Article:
In 1989, China’s government made a choice to combine political repression, a market economy, and globalization.
This June, as the world remembered the 25th anniversary of the Tiananmen Square movement and crackdown, much of the attention was focused on personal memories of the event. But at least as important, if not more so, is the fact that this was a turning point for China.
Though Chinese leader Deng Xiaoping started opening up China to the world and reforming the economy in the late 1970s and early 1980s, the Chinese Communist Party (CCP) was cautious about the types (and pace) of change in both the political and economic spheres. The Party made progress in both, and tried hard to maintain a balance between the two, meting out economic reform with political reform.
Then came 1989.
The CCP faced a major crisis in legitimacy. Protests in Tiananmen Square were seen as a challenge to the CCP’s continued rule, and Party leaders were forced to make a choice about how to deal with the situation. Drawing on historical experiences, they concluded that without a politically stable society, China would be unable to effectively pursue economic development. (To this day, the Chinese government believes so strongly in this theory of stability that it recommends it to leaders of other developing countries.)
In 1989, the Party’s leaders decided to use all possible resources to maintain a stable society while aggressively implementing economic reforms. Over the next several years, they quickly embraced market capitalism, free trade, and globalization; stock markets opened in Shanghai and Shenzhen, banking reforms took hold, and the Party endorsed a “socialist market economy.”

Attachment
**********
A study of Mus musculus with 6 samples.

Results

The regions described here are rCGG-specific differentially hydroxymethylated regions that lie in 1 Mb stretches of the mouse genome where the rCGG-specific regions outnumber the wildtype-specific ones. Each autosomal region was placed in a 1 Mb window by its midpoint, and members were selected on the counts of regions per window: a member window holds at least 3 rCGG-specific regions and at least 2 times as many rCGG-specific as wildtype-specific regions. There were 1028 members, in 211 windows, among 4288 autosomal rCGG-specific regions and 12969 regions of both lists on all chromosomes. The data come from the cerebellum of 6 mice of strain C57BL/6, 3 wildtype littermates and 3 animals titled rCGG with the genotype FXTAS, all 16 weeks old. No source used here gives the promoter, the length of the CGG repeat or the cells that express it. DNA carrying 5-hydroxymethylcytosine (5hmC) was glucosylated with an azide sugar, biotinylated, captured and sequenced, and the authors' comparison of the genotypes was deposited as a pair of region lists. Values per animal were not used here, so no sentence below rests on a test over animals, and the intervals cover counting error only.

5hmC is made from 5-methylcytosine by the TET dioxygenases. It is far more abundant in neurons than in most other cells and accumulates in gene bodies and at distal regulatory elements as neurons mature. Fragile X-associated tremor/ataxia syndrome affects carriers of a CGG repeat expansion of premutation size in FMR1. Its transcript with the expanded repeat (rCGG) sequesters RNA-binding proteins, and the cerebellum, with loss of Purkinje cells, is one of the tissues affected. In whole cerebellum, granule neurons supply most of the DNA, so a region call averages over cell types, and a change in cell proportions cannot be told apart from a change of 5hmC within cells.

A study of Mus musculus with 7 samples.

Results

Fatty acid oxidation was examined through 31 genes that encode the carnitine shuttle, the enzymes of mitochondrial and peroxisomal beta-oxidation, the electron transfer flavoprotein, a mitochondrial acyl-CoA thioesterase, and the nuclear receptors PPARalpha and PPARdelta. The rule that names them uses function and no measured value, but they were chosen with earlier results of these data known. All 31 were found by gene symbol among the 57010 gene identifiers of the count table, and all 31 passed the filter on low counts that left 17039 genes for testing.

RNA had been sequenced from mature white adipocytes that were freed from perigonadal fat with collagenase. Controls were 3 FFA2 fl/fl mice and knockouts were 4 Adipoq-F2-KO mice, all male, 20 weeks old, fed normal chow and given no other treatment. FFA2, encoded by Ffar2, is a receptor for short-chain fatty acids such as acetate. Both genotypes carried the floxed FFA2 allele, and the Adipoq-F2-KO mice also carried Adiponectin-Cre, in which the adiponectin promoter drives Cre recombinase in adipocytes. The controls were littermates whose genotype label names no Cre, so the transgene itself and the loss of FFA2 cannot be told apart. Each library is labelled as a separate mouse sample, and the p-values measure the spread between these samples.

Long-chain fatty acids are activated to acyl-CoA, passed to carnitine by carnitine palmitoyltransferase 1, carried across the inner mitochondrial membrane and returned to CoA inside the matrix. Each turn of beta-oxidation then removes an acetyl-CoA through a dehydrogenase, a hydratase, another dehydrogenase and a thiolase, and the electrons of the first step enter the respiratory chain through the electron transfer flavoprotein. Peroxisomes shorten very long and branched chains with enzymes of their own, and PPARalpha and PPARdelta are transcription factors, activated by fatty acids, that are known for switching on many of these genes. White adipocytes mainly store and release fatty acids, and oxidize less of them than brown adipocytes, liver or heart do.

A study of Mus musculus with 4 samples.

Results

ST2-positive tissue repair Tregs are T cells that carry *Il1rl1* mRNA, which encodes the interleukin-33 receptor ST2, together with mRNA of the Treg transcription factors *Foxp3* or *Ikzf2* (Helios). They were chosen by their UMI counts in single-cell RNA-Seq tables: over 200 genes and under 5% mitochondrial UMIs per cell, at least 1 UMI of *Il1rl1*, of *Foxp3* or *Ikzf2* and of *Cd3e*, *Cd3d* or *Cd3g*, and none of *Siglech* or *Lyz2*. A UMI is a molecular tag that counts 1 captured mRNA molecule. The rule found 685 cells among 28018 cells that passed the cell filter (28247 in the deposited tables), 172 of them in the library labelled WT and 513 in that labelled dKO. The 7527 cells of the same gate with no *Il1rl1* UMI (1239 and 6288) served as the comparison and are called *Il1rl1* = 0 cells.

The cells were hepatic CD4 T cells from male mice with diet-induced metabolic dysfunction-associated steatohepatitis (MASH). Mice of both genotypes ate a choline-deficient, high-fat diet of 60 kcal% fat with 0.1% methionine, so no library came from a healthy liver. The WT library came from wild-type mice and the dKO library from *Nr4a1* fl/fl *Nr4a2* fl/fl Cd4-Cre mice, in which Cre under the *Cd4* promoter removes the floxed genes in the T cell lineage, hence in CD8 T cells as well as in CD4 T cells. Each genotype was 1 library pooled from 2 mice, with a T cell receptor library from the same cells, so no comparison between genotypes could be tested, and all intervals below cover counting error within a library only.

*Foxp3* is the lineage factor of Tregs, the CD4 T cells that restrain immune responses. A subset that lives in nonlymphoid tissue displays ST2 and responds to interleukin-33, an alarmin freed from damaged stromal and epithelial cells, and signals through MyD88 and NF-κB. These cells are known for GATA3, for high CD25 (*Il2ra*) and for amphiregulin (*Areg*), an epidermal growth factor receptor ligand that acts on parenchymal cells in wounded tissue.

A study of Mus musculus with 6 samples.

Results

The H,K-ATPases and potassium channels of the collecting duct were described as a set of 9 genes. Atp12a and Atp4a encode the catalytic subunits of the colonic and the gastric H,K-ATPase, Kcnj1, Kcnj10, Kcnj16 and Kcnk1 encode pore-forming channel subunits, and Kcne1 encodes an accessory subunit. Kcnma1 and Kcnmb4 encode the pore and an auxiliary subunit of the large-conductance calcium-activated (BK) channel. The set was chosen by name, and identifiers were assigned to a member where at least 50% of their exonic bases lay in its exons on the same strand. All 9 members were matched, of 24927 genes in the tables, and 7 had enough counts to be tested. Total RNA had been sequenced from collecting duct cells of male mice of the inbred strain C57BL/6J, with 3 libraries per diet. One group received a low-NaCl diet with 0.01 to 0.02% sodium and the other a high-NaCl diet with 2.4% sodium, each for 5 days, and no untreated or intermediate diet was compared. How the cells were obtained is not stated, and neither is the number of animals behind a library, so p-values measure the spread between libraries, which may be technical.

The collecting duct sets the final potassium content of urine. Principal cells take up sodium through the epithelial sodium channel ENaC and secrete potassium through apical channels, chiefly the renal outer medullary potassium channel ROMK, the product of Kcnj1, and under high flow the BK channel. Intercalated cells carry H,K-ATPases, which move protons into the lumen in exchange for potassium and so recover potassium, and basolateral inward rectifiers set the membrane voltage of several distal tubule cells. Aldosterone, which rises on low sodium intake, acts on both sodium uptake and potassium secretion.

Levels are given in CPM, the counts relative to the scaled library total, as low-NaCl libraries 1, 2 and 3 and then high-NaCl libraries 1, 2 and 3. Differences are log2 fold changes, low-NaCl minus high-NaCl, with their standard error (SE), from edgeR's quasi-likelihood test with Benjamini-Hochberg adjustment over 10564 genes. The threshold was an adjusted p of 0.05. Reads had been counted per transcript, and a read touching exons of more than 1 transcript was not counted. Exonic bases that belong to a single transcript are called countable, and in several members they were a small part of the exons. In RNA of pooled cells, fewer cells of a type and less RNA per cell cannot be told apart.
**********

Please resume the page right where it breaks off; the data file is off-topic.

At the same time, the Party rejected the old model that balanced economic reform with political reform. Any hopes of democratization were effectively halted. Compared with 25 years ago, today’s China has less freedom of speech. The state has applied tight controls, and the government’s budget for maintaining social stability is higher than the defense budget.
This was the ‘1989 Choice’: the combination of political repression with a market economy and embrace of globalization.
For better and for worse, China’s dramatic transformation over the last quarter century is due, fundamentally, to the 1989 Choice and decisions and policies that stem from it.
And what of this transformation? Data can tell us interesting stories about individual facets of China’s path since the Party made the 1989 Choice, but what about the overall narrative?
Is China’s tale over the last 25 years a success story?